Start with SWOT: Using a SWOT analysis as a strategic tool
A powerful business plan addresses all of the known factors pertaining to your company’s future, but before you can build your plan, you should complete an honest evaluation of the positives and negatives around your idea. Developing a thorough SWOT analysis will identify many items you will need to include and address in your plan.
SWOT stands for:
These 4 elements can be put into two main categories:
Internal (strengths and weaknesses)
External (opportunities and threats)
A detailed inventory of your weaknesses and threats will put you in position to anticipate the challenges you will face as you get your business up and running. You can then leverage your strengths and opportunities to build strategies for facing those challenges. Planning this out in advance will allow you to act quickly and decisively when issues arise.
These can be communicated in your business plan to show that you know what you are up against and how you will deal with it. This is important to prospective lenders, investors and partners. More importantly, it gives you a solid foundation from which to view your business and the environment in which it must function.
Strengths – What are the strengths that your business and your key people bring to the table? This may be experience, education, contacts in industry, physical or intellectual property, expressions of interest, access to capital, etcetera.
Weaknesses – What is currently lacking when it comes to your business and key people? This may be lack of equipment, industry knowledge, capital, key contacts, business acumen, etcetera.
Note: These are simply suggestions and not an exhaustive list. Each of these could be included as a strength or weakness depending on your specific situation. Be open minded and honest as you populate your own lists.
Opportunities – What opportunities exist outside of your business that you may be able to capitalize on? These could be a growing market, changing legislation, economic shifts, lack of competition, success of a complimentary service, government support for your industry, etcetera.
Threats – What threats exist outside of your business that you may need to deal with in order to succeed? These could be a surge in competition, inflation, labor shortages, new technologies taking market share, lack of government support for your industry, etcetera.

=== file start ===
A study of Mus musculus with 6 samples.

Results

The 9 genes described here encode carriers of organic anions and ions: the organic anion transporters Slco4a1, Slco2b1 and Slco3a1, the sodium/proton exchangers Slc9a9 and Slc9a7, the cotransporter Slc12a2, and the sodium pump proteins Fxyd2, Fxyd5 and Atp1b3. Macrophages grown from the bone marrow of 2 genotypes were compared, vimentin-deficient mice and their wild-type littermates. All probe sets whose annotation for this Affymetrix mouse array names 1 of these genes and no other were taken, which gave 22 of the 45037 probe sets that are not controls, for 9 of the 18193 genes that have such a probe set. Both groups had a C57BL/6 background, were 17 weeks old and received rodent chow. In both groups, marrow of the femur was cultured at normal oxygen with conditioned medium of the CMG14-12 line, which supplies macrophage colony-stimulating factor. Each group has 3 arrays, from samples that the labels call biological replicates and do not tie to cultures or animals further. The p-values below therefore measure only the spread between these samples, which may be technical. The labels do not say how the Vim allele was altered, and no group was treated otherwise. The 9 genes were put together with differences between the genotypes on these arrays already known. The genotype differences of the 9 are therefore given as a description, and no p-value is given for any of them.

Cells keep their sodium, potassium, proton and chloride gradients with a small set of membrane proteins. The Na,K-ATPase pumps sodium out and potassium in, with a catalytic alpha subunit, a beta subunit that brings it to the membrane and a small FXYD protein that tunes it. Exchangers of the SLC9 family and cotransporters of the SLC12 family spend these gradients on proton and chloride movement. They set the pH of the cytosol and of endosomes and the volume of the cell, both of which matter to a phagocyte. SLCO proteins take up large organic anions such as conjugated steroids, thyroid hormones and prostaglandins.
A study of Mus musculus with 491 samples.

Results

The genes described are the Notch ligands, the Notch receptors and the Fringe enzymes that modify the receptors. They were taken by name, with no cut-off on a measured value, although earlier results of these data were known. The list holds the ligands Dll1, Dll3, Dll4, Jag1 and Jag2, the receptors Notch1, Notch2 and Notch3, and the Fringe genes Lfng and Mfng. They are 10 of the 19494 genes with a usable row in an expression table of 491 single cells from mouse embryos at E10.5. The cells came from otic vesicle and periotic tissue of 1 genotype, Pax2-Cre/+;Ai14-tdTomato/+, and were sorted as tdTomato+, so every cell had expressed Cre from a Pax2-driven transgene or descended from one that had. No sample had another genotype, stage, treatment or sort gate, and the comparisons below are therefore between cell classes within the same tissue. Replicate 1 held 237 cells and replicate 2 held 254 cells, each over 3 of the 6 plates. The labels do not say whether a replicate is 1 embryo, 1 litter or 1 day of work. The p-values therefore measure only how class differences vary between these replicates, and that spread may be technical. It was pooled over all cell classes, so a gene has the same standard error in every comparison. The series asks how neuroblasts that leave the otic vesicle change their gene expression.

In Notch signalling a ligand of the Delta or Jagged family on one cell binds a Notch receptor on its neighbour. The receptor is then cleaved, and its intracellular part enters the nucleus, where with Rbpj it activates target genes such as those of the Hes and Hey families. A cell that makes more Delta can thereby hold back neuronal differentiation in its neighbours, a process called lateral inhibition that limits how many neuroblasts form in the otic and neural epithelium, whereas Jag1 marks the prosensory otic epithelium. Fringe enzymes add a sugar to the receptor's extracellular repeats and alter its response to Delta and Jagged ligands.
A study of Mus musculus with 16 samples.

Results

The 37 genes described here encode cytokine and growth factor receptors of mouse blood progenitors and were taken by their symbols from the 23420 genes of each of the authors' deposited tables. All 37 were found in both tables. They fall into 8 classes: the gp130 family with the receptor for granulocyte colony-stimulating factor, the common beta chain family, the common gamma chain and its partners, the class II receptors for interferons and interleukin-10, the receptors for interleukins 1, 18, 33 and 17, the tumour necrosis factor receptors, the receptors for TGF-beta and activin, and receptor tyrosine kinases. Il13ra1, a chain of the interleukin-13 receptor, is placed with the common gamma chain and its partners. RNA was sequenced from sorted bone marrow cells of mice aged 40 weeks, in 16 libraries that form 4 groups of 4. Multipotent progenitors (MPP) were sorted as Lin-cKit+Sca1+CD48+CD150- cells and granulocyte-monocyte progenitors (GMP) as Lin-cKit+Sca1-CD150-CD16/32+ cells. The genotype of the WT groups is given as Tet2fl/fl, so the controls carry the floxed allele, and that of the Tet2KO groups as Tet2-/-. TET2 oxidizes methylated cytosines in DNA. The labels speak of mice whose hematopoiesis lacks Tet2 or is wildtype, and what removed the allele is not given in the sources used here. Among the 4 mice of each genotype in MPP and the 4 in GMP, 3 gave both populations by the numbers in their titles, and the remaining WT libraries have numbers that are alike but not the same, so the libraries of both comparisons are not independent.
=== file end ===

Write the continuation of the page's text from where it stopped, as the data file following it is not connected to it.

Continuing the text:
Note: These are simply suggestions and not an exhaustive list. Each of these could be included as opportunities or threats depending on your specific situation. Be open minded and honest as you populate your own lists.
In your business plan, you can include your entire SWOT analysis, but it is recommended to have a summary outlining the findings and learnings of your SWOT analysis. This gives you the opportunity to easily demonstrate how your strengths and opportunities can be used to deal with the weaknesses and threats the business must deal with.
Targeted SWOT Options
A general SWOT analysis, like the one mentioned above, is helpful in analyzing and presenting an overall view of your business. It can be applied at the startup phase or at any time during the lifecycle of your business where an evaluation might be helpful.
It is also possible to use the same format to analyze specific parts of your business. For example, many businesses use SWOT specifically to analyze their marketing, operations or human resources. You can also apply the SWOT format when researching your competition to see where you may be able to get an advantage.
A Living Document
Like your business plan, a SWOT analysis is a tool that is valuable throughout the life of your business. Situations constantly change, so use your SWOT as a living document and revise it on a regular basis. Use it to keep track of the strengths and weaknesses within your business as they evolve, stay ahead of new threats and capitalize on emerging opportunities.